During the second COVID19 relief distribution we were able to fill 200 bags with 43kgs of staple food, cleaning and hygiene supplies. Our project managers worked together across our four projects – disability, life skills, women’s empowerment and antihuman trafficking - to get the relief to those in our projects who needed it the most.
Many times during the distribution we heard the thankfulness for the timely relief. One woman said: “I used my last teabag yesterday and today you arrived with more tea.” Another said: “I used my last drop of oil and I had no idea how I was going to get more, and then you came!”
One single mom with a very small child was amazed at how much food we were giving her. “I can make this last two months for my child and myself!” she exclaimed.
People were delighted to accept the food relief during the crisis and in the midst of winter – Covid19 has made things more difficult for everyone and as one lady said: “It’s good to help each other through the crisis.”
During the distribution, we were reminded again that poverty isn’t only the lack of food or material things, it’s also the lack of relationships and community.
During the second covid relief distribution in Kazakhstan we saw how it helped to build and deepen relationships and communities.
We had a relief delivery point where members of our women’s empowerment groups were told to come and collect their parcels. The parcels were extremely heavy and even though the women all lived within the area, we mostly needed to provide transport to get them and their parcels home.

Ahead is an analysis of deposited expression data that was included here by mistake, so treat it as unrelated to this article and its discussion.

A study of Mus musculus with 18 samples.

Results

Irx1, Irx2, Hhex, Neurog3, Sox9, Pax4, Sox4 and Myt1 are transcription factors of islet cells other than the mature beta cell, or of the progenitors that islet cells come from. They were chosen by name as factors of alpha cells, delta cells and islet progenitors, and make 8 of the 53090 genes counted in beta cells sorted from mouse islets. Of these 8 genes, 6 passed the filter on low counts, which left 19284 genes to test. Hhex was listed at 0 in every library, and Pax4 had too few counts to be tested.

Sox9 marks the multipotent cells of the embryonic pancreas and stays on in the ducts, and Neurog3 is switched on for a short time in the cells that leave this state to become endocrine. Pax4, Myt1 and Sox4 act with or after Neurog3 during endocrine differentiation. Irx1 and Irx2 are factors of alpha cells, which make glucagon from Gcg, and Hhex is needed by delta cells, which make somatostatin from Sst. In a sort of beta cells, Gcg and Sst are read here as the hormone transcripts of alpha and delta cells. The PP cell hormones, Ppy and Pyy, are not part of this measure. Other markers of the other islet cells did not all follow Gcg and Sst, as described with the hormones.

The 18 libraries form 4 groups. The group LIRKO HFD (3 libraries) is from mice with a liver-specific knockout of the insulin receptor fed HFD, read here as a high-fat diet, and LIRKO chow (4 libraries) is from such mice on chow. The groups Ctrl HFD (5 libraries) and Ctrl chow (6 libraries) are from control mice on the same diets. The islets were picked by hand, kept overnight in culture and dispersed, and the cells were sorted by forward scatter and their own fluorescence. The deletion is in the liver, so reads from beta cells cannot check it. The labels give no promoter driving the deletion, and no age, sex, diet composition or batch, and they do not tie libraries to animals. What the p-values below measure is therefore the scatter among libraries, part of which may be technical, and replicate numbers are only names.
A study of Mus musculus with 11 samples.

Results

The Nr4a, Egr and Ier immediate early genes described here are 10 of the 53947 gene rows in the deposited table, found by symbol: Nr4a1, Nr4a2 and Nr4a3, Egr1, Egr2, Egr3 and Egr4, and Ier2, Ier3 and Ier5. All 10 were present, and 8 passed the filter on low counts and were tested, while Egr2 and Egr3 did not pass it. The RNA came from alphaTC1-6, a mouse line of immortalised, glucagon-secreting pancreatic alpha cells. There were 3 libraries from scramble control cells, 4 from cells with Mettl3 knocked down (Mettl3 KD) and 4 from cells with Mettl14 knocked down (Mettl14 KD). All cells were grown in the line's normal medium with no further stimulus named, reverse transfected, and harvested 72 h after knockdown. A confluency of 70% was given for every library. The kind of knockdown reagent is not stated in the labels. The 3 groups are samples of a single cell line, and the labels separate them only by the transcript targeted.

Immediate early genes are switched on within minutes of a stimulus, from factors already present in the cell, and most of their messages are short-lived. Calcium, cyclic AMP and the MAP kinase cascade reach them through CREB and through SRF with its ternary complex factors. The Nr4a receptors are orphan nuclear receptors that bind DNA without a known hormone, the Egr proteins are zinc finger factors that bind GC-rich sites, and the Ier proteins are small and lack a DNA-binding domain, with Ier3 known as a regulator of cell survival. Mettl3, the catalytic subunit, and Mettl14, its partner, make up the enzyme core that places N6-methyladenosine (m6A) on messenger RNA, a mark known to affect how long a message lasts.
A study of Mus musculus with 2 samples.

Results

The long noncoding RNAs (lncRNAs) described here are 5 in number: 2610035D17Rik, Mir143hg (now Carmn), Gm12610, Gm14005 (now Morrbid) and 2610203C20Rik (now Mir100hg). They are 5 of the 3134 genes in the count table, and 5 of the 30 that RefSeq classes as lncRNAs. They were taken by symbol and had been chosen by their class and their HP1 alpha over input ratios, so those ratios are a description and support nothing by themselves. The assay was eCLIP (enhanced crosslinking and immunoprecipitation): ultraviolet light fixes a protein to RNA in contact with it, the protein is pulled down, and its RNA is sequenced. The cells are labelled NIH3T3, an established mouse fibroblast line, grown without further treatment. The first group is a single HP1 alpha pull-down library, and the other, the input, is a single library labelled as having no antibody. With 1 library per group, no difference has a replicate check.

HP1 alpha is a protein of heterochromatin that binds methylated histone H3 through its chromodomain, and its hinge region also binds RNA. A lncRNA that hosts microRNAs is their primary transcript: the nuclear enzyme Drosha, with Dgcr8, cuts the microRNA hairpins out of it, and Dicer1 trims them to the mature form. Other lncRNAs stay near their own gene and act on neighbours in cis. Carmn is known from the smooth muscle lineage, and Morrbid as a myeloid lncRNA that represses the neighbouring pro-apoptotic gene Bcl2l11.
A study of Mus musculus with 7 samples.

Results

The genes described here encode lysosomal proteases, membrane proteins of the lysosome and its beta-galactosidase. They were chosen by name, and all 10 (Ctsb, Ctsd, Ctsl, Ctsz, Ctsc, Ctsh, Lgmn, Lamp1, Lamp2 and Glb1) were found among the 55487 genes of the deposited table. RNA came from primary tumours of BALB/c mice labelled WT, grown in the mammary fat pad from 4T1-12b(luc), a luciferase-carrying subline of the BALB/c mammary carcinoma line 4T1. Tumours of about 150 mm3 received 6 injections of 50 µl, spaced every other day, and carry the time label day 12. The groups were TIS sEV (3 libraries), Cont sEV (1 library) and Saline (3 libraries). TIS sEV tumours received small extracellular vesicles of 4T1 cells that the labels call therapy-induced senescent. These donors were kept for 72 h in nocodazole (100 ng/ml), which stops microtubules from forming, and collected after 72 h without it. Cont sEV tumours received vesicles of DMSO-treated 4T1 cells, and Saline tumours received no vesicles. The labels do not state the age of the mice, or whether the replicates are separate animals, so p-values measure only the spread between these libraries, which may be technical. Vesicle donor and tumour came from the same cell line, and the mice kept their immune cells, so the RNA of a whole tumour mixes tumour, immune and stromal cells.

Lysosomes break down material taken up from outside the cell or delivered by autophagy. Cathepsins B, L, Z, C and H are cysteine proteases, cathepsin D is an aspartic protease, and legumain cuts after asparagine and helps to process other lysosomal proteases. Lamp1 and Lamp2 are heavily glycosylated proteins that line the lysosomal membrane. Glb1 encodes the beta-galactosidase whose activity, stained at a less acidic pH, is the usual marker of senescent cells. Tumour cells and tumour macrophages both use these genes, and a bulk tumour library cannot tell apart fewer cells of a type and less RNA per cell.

As we transported them home in the van with the food there was community being created in the car, learning where each person lived, often only a few roads away from each other. One mother’s young son had a jacket that wasn’t warm enough for the snow. The women were problem solving together, one woman said: “Maybe we could sew a flap over the zip to make it warmer”, and others offered their suggestions.
When we arrived at the home of one grandmother, the gate to her entrance was locked and she couldn’t get into her one roomed home. She didn’t want to inconvenience anyone further, so she told us that she would just wait until one of her neighbours came home (in the ice and snow). With that, one of the younger mothers climbed through the fence and managed to unlock the gate for her.
Most of the women needed help carrying the parcels all the way into their homes. Carrying parcels over the threshold, however, means that you need to eat bread together. In the one roomed homes, there was usually only a small amount of bread on the table and the cupboards were bare, with no margarine to put on the bread. Despite this, we needed to “touch our mouth” with the bread so as not to as to think ourselves greater than the bread.
Our project mangers enjoyed having a reason to visit people’s homes and to see how they lived and, in many cases, to observe the extent of their poverty.
The relief distribution went a long way to meet people’s immediate physical needs, as well as to build community.